Attempts to Drive the Obviousness Standard for Design Patents Similar to KSR Failed




Recently, the Federal Circuit affirmed a finding of non-obviousness from the Patent Trial and Appeal Board (PTAB) of a design patent owned by GM. While non-precedential, this decision is nonetheless a valuable read because the Federal Circuit scrutinized the obviousness standard applicable to design patents. In doing so, the appellate panel clarified that the obviousness formula set forth in the long-standing Durling and Rosen tests was not overruled implicitly by KSR International Co. v. Teleflex Inc.

LKQ, a company that generally sells repair parts for the majority of well-known vehicles, including parts for GM vehicles, challenged GM’s U.S. Patent No. D797,625 (the ʼ625 patent) at the PTAB. The PTAB ultimately upheld the patentability of the ʼ625 patent. In doing so, the PTAB determined that the front fender design claimed in the ʼ625 patent and the alleged primary reference that LKQ used in its obviousness challenge were not “basically the same.” More specifically, the PTAB found that, from the perspective of the ordinary observer, there were a number of differences between the claimed design and the primary reference. Applying the obviousness formula for design patents set forth by the Federal Circuit decades ago in Durling, the PTAB stopped its analysis there and confirmed the patentability of the ʼ625 patent. Briefly, Durling requires a two-step legal framework (applying the primary reference test set forth in In re Rosen) for evaluating obviousness of design patents:

Step 1 – Identify a primary (or Rosen) reference that is “basically the same as the claimed design[,]”

Step 2 – Decide whether an ordinary observer would have found it obvious to fill in the missing elements from so-called “secondary references.” 

In other words, if no primary (or Rosen) reference exists, the analysis ends. On the other hand, if a primary reference is found to exist, the obviousness analysis proceeds to Step 2 where the secondary references are reviewed to see if any or all fill the gaps left by the primary reference.

On appeal, LKQ first challenged the PTAB’s ordinary observer definition and ultimate finding of no anticipation based thereon. In this aspect, the PTAB determined that the ordinary observer included only retail consumers who purchase replacement fenders and commercial replacement part buyers (rather than the broader category of retail purchasers of the entire vehicle). The Federal Circuit did not find any error in the PTAB’s definition of the ordinary observer and explained that purchasers of the product embodying the fender design are interested in the part itself, not the vehicle as a whole. The panel then went on to affirm the PTAB’s holding that the design claimed in the ʼ625 patent was not anticipated by the prior art.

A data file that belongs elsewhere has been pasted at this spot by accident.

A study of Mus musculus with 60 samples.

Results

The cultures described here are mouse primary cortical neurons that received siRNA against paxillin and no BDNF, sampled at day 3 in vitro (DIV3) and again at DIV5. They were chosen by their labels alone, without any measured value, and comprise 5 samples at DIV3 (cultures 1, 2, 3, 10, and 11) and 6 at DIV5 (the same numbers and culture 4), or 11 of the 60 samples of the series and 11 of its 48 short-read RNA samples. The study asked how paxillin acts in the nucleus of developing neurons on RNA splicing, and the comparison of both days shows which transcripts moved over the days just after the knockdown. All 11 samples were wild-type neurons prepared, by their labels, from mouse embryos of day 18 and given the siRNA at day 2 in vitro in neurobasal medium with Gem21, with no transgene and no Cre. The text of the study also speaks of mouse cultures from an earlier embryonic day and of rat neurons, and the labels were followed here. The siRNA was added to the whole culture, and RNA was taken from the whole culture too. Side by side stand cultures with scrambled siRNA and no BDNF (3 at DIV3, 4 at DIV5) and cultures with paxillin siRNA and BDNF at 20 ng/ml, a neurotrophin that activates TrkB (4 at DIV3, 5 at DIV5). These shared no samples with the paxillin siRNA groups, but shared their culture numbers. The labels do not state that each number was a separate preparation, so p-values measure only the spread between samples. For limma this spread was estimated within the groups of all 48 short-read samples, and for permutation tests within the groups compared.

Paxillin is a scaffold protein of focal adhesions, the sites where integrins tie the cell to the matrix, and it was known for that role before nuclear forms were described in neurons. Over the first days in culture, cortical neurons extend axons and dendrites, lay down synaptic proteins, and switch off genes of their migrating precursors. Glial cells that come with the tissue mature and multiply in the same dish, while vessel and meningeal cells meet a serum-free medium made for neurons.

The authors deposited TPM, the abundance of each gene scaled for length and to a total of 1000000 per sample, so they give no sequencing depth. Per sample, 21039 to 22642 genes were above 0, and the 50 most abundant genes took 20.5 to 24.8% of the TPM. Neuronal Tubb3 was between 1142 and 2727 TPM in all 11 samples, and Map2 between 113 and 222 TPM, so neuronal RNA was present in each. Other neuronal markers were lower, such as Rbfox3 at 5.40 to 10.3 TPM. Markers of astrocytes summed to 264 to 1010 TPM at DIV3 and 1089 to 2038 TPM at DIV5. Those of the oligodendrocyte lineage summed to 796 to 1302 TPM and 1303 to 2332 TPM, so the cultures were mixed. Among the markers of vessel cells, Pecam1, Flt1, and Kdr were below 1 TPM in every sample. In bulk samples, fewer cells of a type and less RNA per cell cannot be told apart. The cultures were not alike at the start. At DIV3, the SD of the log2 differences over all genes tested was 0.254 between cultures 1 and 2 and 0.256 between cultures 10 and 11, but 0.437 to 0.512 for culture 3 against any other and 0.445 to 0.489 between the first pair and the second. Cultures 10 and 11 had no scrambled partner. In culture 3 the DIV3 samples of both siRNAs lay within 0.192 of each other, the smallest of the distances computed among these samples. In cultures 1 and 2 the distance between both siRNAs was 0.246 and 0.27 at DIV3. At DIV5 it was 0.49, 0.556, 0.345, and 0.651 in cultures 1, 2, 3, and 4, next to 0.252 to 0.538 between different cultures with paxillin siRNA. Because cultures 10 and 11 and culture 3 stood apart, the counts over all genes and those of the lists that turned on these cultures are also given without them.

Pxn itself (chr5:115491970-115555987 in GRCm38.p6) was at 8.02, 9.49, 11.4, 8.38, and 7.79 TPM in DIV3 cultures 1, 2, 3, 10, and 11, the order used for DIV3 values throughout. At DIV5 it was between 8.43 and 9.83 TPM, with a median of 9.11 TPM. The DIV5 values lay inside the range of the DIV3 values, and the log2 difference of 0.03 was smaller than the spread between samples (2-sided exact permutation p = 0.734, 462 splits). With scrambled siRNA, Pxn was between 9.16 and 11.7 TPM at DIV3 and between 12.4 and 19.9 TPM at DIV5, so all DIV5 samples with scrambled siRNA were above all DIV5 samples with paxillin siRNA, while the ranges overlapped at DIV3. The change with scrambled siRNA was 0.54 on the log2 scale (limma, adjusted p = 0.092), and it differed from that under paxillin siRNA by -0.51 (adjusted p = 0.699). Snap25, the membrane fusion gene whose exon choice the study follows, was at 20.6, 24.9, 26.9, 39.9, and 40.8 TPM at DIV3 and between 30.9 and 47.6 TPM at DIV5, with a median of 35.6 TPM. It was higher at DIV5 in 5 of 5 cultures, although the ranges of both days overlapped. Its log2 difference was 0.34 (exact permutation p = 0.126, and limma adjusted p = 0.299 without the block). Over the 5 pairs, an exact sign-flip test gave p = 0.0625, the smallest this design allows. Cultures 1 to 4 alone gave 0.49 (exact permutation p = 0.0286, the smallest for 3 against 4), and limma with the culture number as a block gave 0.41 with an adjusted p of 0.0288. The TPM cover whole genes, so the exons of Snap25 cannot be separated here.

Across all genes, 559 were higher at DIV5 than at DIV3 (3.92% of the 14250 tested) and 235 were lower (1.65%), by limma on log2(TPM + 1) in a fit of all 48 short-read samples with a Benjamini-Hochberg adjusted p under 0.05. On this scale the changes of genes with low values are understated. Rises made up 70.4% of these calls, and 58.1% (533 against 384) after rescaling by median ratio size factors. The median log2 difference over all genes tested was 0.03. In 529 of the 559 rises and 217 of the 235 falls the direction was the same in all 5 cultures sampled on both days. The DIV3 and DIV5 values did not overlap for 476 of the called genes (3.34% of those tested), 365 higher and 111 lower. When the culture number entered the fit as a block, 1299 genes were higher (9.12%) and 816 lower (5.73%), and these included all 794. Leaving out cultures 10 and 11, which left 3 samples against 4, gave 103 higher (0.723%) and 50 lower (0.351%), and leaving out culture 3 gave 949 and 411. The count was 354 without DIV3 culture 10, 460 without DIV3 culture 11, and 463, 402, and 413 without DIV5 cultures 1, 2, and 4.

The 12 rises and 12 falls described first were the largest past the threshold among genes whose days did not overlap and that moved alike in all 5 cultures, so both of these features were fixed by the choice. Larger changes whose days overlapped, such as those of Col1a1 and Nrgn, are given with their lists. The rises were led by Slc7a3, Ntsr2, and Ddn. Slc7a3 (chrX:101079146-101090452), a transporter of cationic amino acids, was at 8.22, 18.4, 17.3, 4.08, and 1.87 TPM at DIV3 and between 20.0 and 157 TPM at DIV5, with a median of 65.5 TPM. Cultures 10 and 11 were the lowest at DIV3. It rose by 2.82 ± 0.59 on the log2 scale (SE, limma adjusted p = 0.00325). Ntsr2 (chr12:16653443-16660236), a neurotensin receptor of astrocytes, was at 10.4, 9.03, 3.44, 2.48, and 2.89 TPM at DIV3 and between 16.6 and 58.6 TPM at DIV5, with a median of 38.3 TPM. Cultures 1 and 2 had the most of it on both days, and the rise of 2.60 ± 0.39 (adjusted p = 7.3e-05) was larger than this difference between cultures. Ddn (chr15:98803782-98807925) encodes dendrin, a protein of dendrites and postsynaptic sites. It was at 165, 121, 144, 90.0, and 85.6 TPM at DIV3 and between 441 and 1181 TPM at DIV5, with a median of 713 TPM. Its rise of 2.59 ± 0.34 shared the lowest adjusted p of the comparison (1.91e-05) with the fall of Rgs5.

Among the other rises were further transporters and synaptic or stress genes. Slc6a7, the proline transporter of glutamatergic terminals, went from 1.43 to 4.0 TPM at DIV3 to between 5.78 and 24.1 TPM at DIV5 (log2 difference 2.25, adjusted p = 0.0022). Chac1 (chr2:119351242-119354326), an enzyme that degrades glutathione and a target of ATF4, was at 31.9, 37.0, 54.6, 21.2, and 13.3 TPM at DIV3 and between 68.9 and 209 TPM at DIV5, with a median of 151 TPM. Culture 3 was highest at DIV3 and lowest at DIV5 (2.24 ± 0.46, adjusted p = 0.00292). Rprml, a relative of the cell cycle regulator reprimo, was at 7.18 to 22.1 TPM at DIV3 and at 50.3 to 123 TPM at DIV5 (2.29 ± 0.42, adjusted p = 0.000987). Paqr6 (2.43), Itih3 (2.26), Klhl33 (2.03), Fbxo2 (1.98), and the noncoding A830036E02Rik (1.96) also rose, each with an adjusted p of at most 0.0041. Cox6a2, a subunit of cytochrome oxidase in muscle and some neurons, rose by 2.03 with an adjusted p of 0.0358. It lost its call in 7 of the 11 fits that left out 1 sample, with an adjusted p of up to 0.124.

In addition, LKQ invited the Federal Circuit to reconsider the current obviousness formula for design patents that was relied on by the PTAB to reach its decision. In this vein, LKQ argued that the obviousness formula was inconsistent with KSR and the Supreme Court’s rejection of “a rigid rule that limits the obviousness inquiry.” More specifically, LKQ argued that the requirement to identify a primary (or Rosen) reference is exactly the type of approach that was rejected by the Supreme Court in KSR. In fact, LKQ took the position that, since most primary references would not qualify as “basically the same as the claimed design,” the formula under Durling requiring a Rosen reference is essentially a one-step analysis that is incompatible with KSR’s directive for flexibility when determining obviousness under 35 U.S.C. § 103. The Federal Circuit was not persuaded by LKQ’s arguments and held that Rosen and Durling remain good law. In this aspect, the majority opinion stated that the Federal Circuit was bound to continue to apply Rosen and Durling just as it had in the decades preceding “without a clear directive from the Supreme Court.” In an additional opinion crafted by Judge Alan Lourie, he rationalized that, because KSR did not involve design patents (which require a different obviousness analysis than utility patents) and KSR overruled a rigid obviousness standard that was different from the “flexible” Durling and Rosen tests, KSR did not overrule the current obviousness standard for design patents.

In applying the existing (and still-good) law, the Federal Circuit ultimately held that the PTAB’s obviousness determination was supported by substantial evidence. In sum, despite LKQ’s efforts, nothing has changed in the obviousness standard applicable to design patents.